The statistic is a compelling one: within two years of a limb amputation, 40 percent of patients die. But even more compelling is that many, many amputations could be avoided if blockages in peripheral arteries, most notably in the legs and feet, are detected early and opened in time using innovative, minimally invasive technologies.
Peripheral artery blockages in the lower extremities often first reveal themselves as aching, cramping or fatigue of the leg with exertion. Eventually the reduced blood flow can lead to symptoms at rest and sores on feet and legs that don’t heal. When serious tissue disease like gangrene sets in, amputation is often the result.
The new tools that open arteries operate at the end of a thin tube, called a catheter, that doctors feed through arteries to treat the blockage. Depending on the nature of the blockage (from hard to gummy), the physician can open the blockage with balloons and stents, remove the plaque by shaving or sanding it away, or use laser energy to vaporize it.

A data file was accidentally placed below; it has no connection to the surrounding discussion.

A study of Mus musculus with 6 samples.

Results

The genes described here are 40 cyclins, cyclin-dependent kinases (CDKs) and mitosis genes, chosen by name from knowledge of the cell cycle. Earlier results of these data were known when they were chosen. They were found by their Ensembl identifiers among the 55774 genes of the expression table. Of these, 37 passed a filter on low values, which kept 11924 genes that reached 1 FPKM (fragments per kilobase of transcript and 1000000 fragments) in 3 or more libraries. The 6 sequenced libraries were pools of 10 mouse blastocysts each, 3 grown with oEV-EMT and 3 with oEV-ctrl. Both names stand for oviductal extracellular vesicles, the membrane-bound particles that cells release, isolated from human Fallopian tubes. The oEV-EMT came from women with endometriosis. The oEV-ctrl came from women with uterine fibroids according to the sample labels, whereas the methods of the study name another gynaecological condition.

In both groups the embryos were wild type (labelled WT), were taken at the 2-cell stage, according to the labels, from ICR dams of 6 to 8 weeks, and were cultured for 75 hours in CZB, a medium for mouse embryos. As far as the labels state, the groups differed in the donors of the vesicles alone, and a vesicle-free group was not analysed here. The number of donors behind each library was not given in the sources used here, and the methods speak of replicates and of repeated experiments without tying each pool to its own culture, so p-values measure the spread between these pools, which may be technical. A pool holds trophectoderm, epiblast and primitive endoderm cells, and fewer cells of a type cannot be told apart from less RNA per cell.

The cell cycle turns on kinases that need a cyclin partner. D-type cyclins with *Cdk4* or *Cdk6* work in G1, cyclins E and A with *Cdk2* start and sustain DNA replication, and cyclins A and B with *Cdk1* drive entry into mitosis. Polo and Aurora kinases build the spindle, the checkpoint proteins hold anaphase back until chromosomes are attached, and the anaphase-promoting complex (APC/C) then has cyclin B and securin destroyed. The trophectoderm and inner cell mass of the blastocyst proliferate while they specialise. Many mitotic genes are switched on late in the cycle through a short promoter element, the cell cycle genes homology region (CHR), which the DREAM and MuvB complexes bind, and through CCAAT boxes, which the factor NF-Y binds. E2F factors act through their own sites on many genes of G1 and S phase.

“What’s so gratifying is that the results are nearly instant,” says Dr. Roberto Corpus, Traverse City's Munson Medical Center’s lead specialist with the new technologies. “The patients are walking the next day better than they have in a long time, and their leg pain is gone and blood flow is restored.”
If you know of somebody with chronic leg pain, tell them to ask their doctor to screen for peripheral artery disease by conducting an ankle-brachial index (ABI) test. The test compares blood pressure in the arm to blood pressure in the lower leg. Lower pressure in the leg indicates a blockage might exist.
“Too many patients are told, ‘leg pain just comes with being old,’” Corpus says. “Ask to be tested.” 231-935-5000, munsonhealthcare.org.